Perverted politics

Deviance for its own sake is reactionary, not rebellious

The ultimate critical virtue, agree many academics, is transgression - social, sexual and political. Theorists such as Judith Butler and Michel Foucault have contributed to a left-wing discourse in which the celebration of deviance has taken over from serious attempts to describe or improve the lot of the oppressed. Scholarly papers extolling the subversive energies cunningly hidden in literary texts or embodied in practices such as body modification, transvestism and every possible sexual perversion (as catalogued by the sainted Georges Bataille) are paying, albeit indirectly, for mortgages in the Home Counties and second homes in France. As often as not, the standard-issue tweed jacket conceals a vigorous champion of polymorphous perversity.

In many ways, this is one of the ambiguous legacies of 1968. Thinkers such as R D Laing and Herbert Marcuse supposed there was a close link between psychic, sexual and political liberation, and prescribed a heady combination of psychedelic drugs, free love and marching. Smashing fun, obviously, but that this recipe is still considered even vaguely plausible as a path to liberation must be because behind the hoopla there was a serious political message.

Yet the Sixties failed to deliver the political and sexual utopia they promised. Social inequality has got worse, and the Aids virus cruelly capped a sexual revolution based on promiscuity and the dissolution of the nuclear family. The current trend retains the form but not the content of the rebellion of 1968, as if rule-breaking were progressive in itself. But Jack the Ripper, Osama Bin Laden and the diehard wing of the fox-hunting lobby are all pretty transgressive, and hardly make comfortable bedfellows for us on the left.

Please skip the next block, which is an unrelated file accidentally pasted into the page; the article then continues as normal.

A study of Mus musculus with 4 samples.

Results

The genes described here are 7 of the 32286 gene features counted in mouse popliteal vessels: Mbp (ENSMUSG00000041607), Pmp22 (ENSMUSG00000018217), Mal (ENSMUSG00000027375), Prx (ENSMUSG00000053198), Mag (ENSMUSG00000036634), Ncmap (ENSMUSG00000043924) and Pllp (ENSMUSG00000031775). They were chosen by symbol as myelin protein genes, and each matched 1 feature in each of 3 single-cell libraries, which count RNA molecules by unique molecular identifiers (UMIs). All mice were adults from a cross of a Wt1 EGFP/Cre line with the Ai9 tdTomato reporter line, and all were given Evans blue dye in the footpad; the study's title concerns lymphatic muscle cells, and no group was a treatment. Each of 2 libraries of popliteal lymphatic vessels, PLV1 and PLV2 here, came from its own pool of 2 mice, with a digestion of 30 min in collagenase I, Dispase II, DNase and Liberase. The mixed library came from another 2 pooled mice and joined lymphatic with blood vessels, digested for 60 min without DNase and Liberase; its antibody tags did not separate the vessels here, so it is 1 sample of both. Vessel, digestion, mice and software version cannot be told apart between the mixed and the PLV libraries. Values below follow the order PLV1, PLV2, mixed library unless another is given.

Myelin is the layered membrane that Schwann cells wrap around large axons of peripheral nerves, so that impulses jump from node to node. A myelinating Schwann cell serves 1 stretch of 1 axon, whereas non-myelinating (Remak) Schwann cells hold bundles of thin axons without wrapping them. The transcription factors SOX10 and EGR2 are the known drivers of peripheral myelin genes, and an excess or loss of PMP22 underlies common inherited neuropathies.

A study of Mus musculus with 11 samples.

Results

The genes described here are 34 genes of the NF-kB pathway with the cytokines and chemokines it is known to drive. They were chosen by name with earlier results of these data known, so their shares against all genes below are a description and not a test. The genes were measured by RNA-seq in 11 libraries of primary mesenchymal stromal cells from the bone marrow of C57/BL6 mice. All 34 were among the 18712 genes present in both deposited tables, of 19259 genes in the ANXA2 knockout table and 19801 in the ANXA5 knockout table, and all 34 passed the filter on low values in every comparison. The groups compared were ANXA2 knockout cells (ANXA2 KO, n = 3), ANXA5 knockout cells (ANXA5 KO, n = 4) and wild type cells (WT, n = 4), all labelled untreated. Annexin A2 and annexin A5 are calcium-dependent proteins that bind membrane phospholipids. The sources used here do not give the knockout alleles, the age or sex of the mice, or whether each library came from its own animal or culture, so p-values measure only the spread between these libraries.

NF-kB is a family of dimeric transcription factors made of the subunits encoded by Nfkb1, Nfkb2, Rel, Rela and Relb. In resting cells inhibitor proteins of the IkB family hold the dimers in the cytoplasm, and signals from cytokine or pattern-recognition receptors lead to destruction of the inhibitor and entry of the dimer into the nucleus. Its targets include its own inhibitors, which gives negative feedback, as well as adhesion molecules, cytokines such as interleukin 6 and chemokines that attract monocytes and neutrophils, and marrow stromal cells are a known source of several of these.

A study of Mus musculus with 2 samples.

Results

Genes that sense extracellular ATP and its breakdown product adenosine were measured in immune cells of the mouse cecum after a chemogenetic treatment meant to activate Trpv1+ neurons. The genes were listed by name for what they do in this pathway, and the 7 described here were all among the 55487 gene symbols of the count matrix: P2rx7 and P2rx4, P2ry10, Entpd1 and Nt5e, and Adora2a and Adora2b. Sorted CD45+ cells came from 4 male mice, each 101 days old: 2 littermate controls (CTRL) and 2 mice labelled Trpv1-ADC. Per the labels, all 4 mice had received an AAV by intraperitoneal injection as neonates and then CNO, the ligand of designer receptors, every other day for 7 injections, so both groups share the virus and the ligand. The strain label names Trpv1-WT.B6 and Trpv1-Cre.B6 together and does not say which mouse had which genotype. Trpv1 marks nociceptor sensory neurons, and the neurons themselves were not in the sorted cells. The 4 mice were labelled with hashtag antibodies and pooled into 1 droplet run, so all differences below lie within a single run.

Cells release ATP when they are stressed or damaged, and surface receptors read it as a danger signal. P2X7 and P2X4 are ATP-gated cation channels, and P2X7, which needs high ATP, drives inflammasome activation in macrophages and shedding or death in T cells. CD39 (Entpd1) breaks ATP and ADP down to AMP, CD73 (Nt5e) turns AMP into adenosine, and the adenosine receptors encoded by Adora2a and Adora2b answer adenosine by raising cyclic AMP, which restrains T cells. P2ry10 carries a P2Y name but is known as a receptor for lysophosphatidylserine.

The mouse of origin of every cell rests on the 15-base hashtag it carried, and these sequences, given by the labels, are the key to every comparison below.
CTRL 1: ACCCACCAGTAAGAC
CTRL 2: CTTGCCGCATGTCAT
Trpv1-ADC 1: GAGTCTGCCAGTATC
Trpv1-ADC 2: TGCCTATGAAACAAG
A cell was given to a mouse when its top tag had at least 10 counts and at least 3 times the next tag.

The alternative to transgression need not be a return to the dreaded - and often unfairly caricatured - Victorian morality. Actually, nobody is more dependent on these kinds of rules than the person who lives by breaking them, as Bataille himself realised, opposing the sexual revolution for this reason. And there are cases in oppressive societies where contravening laws and conventions is not just worthwhile, but the duty of the responsible citizen. But this is transgression as a means, and not an end in itself.

Those who dissent from the critical orthodoxy are labelled "conservative", as if being uninterested in cyborgs, pornography and vampirism were tantamount to a betrayal of socialist principles. Yet writers such as Terry Eagleton - a Marxist who bemoaned the ubiquity of PhD theses on "the literature of latex or the political implications of navel piercing" - or Ashley Tau chert, a feminist whose important new book, Against Transgression (Blackwell), debunks many of the myths around the subject, can hardly be described as figures of the right.

As Eagleton and Tauchert both argue, there is something narcissistic and deeply conservative about revelling in transgression. In Tauchert's words, to do so is "reactionary, impertinent, cowardly, stifling".

Matthew Taunton is a Leverhulme Fellow in the School of Literature, Drama and Creative Writing at UEA, and is currently working on a book about the cultural resonances of the Russian Revolution in Britain.